Warren G. Harding and His Boss


A self-made successful newspaper owner from Marion, Ohio, affable, handsome Warren Harding had always been interested in politics.  Born in 1865 into a family noted for their abolitionism, and rumored to have black ancestry, although recent DNA testing in regard to Harding disproves that rumor, political success eluded Harding until he won a State Senate election in Ohio in 1899.  He got started relatively late for a politician in those days but his rise was then swift.  In 1903 he was elected Lieutenant Governor of Ohio.  Defeated in the race for Governor of Ohio in 1910 he was elected to the Senate in 1914.  Harding throughout his political career had a talent for making friends in the Republican party and few enemies.  A conservative Republican, he went out of his way to conciliate the Progressive wing of the party.  In the Senate he made many friends, few enemies and no waves, not a small achievement in a time when the Republican party was recovering from the split of 1912.  In most ways he was completely a politician of his time.  In other ways, most notably on civil rights for blacks, he was decades ahead of his day.  Whatever his positions he doubtless would be completely forgotten today but for the woman he married.

Throughout his political career his wife Florence ran his business interests with competence.  A childless couple, Florence fully supported her husband’s political career.  Her husband’s long time affair with Carrie Phillip nearly ended his marriage, with Florence demanding that he break off the affair, which he did, with Phillips and her husband and children taking up residence in Europe.

In 1919 Harding announced that he was a candidate for President.  This was a classic favorite son candidacy initiated by Harding mainly to help solidify his support within the Republican party of Ohio to support his re-election campaign to the Senate in 1920.  A potential ticking time bomb was that Mrs. Phillips was in possession of hundreds of love letters from Harding, which, if revealed, would end his political career.  Since he didn’t expect to be the nominee, Harding wasn’t too worried about the letters as he made ready to attend the Republican national convention in Chicago in June.  However,  Florence Harding was determined that her husband was going to be the next President, and, in her words, she would make him stay in the race until “Hell freezes over!”  Stay tuned.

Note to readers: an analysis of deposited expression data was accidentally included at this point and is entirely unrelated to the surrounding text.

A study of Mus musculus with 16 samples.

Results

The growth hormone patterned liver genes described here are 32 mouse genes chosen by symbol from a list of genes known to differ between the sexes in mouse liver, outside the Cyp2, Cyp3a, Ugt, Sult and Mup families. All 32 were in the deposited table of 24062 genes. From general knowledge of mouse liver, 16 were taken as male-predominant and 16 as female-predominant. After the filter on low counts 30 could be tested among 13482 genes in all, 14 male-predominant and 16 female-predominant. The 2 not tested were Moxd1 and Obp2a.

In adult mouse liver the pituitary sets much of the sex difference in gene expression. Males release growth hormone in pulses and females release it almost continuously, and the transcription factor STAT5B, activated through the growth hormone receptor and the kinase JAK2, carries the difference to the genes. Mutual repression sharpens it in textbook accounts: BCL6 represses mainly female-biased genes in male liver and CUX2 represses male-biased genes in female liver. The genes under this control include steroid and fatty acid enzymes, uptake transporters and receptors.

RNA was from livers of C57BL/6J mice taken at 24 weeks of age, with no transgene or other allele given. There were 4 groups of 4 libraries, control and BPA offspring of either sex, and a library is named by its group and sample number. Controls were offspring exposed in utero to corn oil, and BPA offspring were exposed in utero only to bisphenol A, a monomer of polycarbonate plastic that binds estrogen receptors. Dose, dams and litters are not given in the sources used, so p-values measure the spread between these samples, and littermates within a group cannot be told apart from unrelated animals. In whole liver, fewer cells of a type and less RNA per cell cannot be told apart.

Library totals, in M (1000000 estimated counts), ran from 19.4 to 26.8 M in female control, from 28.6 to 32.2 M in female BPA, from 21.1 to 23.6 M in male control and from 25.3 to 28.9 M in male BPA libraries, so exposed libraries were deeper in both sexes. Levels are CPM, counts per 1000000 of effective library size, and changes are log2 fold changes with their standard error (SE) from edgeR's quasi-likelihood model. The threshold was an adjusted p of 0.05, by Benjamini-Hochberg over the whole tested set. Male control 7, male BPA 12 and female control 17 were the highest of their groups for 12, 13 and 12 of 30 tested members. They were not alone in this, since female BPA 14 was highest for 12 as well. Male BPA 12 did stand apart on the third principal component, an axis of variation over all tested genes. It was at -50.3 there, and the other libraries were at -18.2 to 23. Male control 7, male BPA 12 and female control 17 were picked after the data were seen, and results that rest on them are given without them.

2. Harding’s reputation deserves to be rehabilitated. The fact that he still remains at or near the bottom of those stupid presidential polls of historians and political scientists every February, while his racist, war mongering, anti-Founding predecessor remains in or near the “top 10”, is a product of sheer intellectual laziness and partisan score settling.

    When my about-to-be-a-high-school-graduate son was in 4th grade, he drew Harding’s name out of a hat for his Ohio History class project. In putting together his project and presentation, his/our goal was to engage in an exercise in “revisionist” history (of the right sort — that corrects the historical record) in attempting to restore Harding’s legacy. Return to normalcy, strong economy, ahead of his time on race / civil rights, key player in women’s suffrage. Most importantly, in his VP, he gave us his successor — the best President of the 20th century not named Reagan.

  3. Well said Jay. Quite a bit of the negative image of Harding was created by journalist William Allen White. The Sage of Emporia was a much better stylist than he was a historian. A liberal Republican, he was completely out of sympathy with what Harding and Coolidge were seeking to accomplish. Until recently the scholarship on both Harding and Coolidge was weak. The balance has been somewhat redressed as to Coolidge. Harding still awaits a first rate modern study.

  4. Dunno. The historiography of the period for a long time has been variations on themes expounded by Arthur Schlesinger and the like. I think the publication of Friedman / Schwartz’ Monetary History and the development of economic history since then have incrementally (if incompletely) discredited the notion that the Harding-Coolidge Administration could be held responsible for the Depression.